Christ turns down chancellor’s mansion


Breaking from her predecessor Nicholas Dirks, Chancellor Carol Christ will not live at University House, the 2.5-acre site and three-story mansion that typically serves as the official residence of the campus chancellor, as first reported by the San Francisco Chronicle.

In the past, University House has been the center of occasional campus violence and the target of protesters. In 1992, an Oakland police officer killed Rosebud Denovo at the chancellor’s residence after she broke into the home of then-Chancellor Chang-Lin Tien, and in separate incidents, protesters have thrown torches at and vandalized the property.

The residence also became a subject of scrutiny after it was revealed that the campus had spent more than $1 million on University House renovations, restorations and the installation of a security fence around the house, with the fence construction costing nearly $700,000.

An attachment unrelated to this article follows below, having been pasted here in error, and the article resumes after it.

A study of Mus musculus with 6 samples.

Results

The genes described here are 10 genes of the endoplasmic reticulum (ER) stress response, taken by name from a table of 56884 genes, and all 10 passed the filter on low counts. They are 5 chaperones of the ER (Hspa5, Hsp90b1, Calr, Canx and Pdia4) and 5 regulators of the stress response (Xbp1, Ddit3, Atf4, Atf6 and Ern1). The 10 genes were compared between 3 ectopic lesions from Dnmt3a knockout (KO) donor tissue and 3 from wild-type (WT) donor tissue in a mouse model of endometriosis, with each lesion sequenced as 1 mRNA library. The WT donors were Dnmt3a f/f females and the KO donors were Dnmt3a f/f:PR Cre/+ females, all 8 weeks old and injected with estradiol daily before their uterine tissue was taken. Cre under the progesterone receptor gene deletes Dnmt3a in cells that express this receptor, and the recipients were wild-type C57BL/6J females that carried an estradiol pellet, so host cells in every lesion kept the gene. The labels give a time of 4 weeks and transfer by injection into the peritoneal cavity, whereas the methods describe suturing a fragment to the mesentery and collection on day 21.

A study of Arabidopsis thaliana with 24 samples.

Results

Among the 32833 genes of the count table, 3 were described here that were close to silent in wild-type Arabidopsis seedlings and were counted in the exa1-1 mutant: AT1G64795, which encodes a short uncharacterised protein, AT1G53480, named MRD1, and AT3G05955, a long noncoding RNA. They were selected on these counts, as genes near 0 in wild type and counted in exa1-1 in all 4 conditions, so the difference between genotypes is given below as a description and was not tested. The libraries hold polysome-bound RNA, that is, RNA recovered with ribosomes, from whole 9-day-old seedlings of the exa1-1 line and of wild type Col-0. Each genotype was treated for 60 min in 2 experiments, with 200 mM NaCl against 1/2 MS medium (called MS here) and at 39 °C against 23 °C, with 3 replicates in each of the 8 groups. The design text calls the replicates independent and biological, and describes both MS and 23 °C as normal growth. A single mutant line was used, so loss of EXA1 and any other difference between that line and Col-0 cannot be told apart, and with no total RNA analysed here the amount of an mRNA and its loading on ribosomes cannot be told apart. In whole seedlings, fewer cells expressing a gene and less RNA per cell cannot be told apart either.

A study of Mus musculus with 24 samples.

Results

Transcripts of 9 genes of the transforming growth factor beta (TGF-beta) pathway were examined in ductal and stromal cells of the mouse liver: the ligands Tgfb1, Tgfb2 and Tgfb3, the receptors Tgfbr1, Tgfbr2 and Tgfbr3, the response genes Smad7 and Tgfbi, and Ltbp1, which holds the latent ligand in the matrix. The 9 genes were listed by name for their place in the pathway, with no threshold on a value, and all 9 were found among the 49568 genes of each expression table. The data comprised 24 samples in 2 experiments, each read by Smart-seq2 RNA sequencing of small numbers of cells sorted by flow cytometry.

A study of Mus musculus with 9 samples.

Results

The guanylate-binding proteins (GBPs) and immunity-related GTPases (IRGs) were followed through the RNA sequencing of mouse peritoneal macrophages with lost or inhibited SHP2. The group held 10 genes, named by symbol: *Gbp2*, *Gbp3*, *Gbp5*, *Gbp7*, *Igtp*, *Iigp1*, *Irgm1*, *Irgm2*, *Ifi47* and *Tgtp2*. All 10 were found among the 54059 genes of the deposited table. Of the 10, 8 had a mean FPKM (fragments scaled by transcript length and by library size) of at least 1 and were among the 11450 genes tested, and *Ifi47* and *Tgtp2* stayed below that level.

Campus spokesperson Dan Mogulof said in an email that Christ already has a house in Berkeley that “she has owned for years,” and will continue to live there instead of University House. Mogulof added that University House will continue to be used for “campus events involving students, faculty, staff, alumni, and friends of the University.”

Mogulof said Christ’s decision to live off-campus will have no impact on Christ’s accessibility to the campus community.

“The Chancellor’s accessibility to and engagement with the campus community will not in any way be impacted by where she sleeps at night,” Mogulof said in an email.

Bobby Lee is an assistant news editor. Contact Bobby Lee at [email protected] and follow him on Twitter at @bobbylee_dc.